Cat safety and play tips
What are the benefits for keeping your cat indoors?
- You won’t have to worry about your cat getting lost or going missing.
- They are unlikely to catch diseases from other cats.
- Your cat won’t injure or kill wildlife or destroy native habitats.
- They won’t get injured or killed in territorial cat fights.
- Your cat won’t leap into unknown backyards and get attacked by dogs.
- They won’t be trapped or hurt by neighbours, who do not want them in their backyards.
- Your cat won’t get run over by cars or other vehicles.
- You will have fewer emergency visits to the veterinary clinic and no release fees from the pound.
- Your cat will spend more time at home with you.
How to keep your cat happy indoors
- Spend quality time playing and cuddling, with your cat each day.
- Ensure your cat has food and water, a comfortable bed to sleep, and an adequate litter tray that is changed every couple of days.
- Provide interactive toys and change them regularly including a tall scratching and climbing post, to stop them from damaging the furniture.
- Bring some plants into the house like cat nip, cat grass or cat mint.
How to keep your cat safe indoors
- Place anything that might be harmful out of reach, such as objects that may be swallowed; dangling strings or cords that may strangle; and electrical wires that may be chewed.
- Remove bean bags, as kittens may use these as litter trays.
- Put away valuables that your cat may break; and good clothes, shoes, handbags and briefcases that your cat may tear or scratch.
- Avoid using strong chemicals when cleaning, as cats lick their paws.
- Put the toilet seat down, as your cat could drown in the bowl.
If you are taking your cat outdoors, provide an enclosure with shade or use a harness and lead to ensure the safety of native wildlife. If you are travelling, ensure you use a carry cage to keep your cat safe and secure.
Activities you and your cat can enjoy together
Play sessions with your cat two or three times a day will be beneficial to your cat’s mental health and physical wellbeing. Regular exercise may also reduce nuisance behaviour such as neurotic chewing, compulsive grooming, over eating, and in some cases aggression. It will also help to strengthen the bond between you and your cat.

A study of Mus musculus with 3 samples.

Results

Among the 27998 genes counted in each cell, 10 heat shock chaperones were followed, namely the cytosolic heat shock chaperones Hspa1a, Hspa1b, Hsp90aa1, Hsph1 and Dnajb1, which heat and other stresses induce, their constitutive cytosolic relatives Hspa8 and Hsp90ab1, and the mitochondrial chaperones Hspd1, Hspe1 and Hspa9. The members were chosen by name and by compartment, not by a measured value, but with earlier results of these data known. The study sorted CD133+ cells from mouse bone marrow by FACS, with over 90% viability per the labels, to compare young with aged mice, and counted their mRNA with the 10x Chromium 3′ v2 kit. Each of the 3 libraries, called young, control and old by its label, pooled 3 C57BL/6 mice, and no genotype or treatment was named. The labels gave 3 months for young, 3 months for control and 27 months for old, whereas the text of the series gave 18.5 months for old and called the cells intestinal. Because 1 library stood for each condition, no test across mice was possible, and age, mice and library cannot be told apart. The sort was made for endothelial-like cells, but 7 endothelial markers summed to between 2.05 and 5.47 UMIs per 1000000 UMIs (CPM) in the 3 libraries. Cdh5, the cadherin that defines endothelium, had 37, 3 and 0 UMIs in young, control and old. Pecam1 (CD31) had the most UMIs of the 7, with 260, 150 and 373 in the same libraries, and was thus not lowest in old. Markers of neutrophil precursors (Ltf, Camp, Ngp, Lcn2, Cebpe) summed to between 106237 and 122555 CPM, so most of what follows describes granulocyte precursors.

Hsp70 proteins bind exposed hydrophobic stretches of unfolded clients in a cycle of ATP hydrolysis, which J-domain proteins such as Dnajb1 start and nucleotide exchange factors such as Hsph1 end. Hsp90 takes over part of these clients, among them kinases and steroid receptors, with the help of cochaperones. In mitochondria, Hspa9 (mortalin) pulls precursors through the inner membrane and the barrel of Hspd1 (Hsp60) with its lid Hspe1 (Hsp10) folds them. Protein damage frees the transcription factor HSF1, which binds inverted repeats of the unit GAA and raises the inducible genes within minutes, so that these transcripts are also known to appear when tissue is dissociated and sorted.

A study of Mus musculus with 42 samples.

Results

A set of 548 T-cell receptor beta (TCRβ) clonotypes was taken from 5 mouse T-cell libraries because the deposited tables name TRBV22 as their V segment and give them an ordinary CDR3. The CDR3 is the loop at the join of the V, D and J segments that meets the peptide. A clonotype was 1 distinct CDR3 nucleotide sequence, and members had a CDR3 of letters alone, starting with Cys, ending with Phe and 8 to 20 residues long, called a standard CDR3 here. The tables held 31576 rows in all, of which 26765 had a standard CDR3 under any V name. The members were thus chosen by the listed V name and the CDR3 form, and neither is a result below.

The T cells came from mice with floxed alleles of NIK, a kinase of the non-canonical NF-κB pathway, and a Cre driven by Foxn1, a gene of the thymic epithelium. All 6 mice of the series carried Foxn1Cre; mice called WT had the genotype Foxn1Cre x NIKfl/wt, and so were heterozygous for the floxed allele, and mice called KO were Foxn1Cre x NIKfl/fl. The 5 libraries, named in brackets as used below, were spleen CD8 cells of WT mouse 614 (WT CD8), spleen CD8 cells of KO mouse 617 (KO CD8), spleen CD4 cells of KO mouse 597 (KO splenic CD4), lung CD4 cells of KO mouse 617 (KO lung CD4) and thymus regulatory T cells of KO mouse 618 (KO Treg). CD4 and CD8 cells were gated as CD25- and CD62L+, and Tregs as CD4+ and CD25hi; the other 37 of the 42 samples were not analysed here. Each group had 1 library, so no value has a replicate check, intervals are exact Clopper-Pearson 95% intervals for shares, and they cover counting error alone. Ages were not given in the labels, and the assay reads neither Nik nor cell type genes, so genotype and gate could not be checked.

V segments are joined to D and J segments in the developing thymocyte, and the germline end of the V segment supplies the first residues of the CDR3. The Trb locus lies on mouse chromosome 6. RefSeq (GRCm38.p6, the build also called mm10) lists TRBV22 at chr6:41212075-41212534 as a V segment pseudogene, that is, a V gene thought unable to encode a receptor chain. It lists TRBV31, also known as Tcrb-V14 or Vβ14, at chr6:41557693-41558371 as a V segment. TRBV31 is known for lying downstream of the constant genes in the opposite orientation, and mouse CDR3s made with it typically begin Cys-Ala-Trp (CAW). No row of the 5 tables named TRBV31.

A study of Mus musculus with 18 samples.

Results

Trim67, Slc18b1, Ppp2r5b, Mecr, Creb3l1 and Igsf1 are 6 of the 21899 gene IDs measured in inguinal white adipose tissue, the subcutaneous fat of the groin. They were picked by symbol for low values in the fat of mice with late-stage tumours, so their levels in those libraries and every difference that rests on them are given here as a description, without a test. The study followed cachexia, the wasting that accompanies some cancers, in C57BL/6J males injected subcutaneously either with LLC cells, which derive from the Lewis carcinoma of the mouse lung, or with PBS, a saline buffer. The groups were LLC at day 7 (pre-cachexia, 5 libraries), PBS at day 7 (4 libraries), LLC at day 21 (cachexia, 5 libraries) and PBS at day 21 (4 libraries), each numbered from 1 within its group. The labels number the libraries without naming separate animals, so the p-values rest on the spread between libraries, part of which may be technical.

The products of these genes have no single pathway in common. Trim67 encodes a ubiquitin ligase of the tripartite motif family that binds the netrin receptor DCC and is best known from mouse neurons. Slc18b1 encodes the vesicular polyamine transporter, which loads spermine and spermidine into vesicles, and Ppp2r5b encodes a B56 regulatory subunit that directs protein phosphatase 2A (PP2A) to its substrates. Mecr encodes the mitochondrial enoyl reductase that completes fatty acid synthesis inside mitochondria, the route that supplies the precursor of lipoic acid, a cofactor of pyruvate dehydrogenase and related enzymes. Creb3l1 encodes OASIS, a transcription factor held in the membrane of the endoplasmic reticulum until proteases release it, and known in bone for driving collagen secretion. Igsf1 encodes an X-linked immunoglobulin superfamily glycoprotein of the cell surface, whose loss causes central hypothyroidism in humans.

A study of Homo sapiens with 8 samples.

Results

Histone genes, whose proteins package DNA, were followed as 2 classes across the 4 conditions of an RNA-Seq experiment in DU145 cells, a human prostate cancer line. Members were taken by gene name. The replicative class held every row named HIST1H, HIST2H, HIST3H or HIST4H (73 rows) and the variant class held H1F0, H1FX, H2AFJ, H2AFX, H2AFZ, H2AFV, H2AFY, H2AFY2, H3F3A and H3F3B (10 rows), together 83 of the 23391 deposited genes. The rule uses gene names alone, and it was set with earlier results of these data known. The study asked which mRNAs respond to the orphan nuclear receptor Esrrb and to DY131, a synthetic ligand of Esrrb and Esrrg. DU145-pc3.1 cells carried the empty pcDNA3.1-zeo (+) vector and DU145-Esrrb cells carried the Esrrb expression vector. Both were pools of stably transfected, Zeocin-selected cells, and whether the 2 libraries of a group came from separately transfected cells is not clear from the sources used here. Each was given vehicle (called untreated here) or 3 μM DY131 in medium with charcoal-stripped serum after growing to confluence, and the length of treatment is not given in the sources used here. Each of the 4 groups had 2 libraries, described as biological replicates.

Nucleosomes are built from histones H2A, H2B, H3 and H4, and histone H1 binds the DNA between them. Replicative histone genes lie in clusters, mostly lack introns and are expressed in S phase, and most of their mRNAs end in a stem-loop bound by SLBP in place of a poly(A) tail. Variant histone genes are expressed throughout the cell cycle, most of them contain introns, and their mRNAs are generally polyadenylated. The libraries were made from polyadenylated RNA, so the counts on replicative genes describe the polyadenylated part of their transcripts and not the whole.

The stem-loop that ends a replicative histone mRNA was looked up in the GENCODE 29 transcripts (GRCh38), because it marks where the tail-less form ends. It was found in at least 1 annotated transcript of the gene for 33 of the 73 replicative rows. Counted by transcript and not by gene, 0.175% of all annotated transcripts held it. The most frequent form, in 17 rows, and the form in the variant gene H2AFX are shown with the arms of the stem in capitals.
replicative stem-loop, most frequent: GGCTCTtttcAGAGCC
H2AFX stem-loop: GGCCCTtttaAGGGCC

Cats love little places where they think nobody can see them, so use a paper bag without handles, cut out a few holes in it or hide their favourite toy inside. Your cat will love to play with it, hide in it and pounce on it!
Cats love to discover and hunt things around the house. Try burying their favourite toy in between the couch cushions or under a pillow. Once your cat has found the toy, hide it in a different place to keep it interesting.
Cats love to follow things and swat them back and forth. You can buy cat toys or just tie a chopstick to the end of a ball of yarn and dangle it in front of your cat.
Cats love to bat things around on the floor, so use an empty toilet paper roll, place a solid ball inside and tape up both ends. This will make it wobble when your cat bats it around. Make sure the roll has no toilet paper on it or your cat will create a huge mess!
Cats love to chase things and jump around the room. Try bouncing ping pong balls or shining a flashlight across the floor and up the walls. It’s a great challenge for them and gives them a bit of a workout.
Cats love to smell and chew things, so try making you own chew toy out of an a old sock stuffed with different textures (like toilet paper, cotton balls and newspaper) and a bit of a catnip. Just watch your cat go crazy!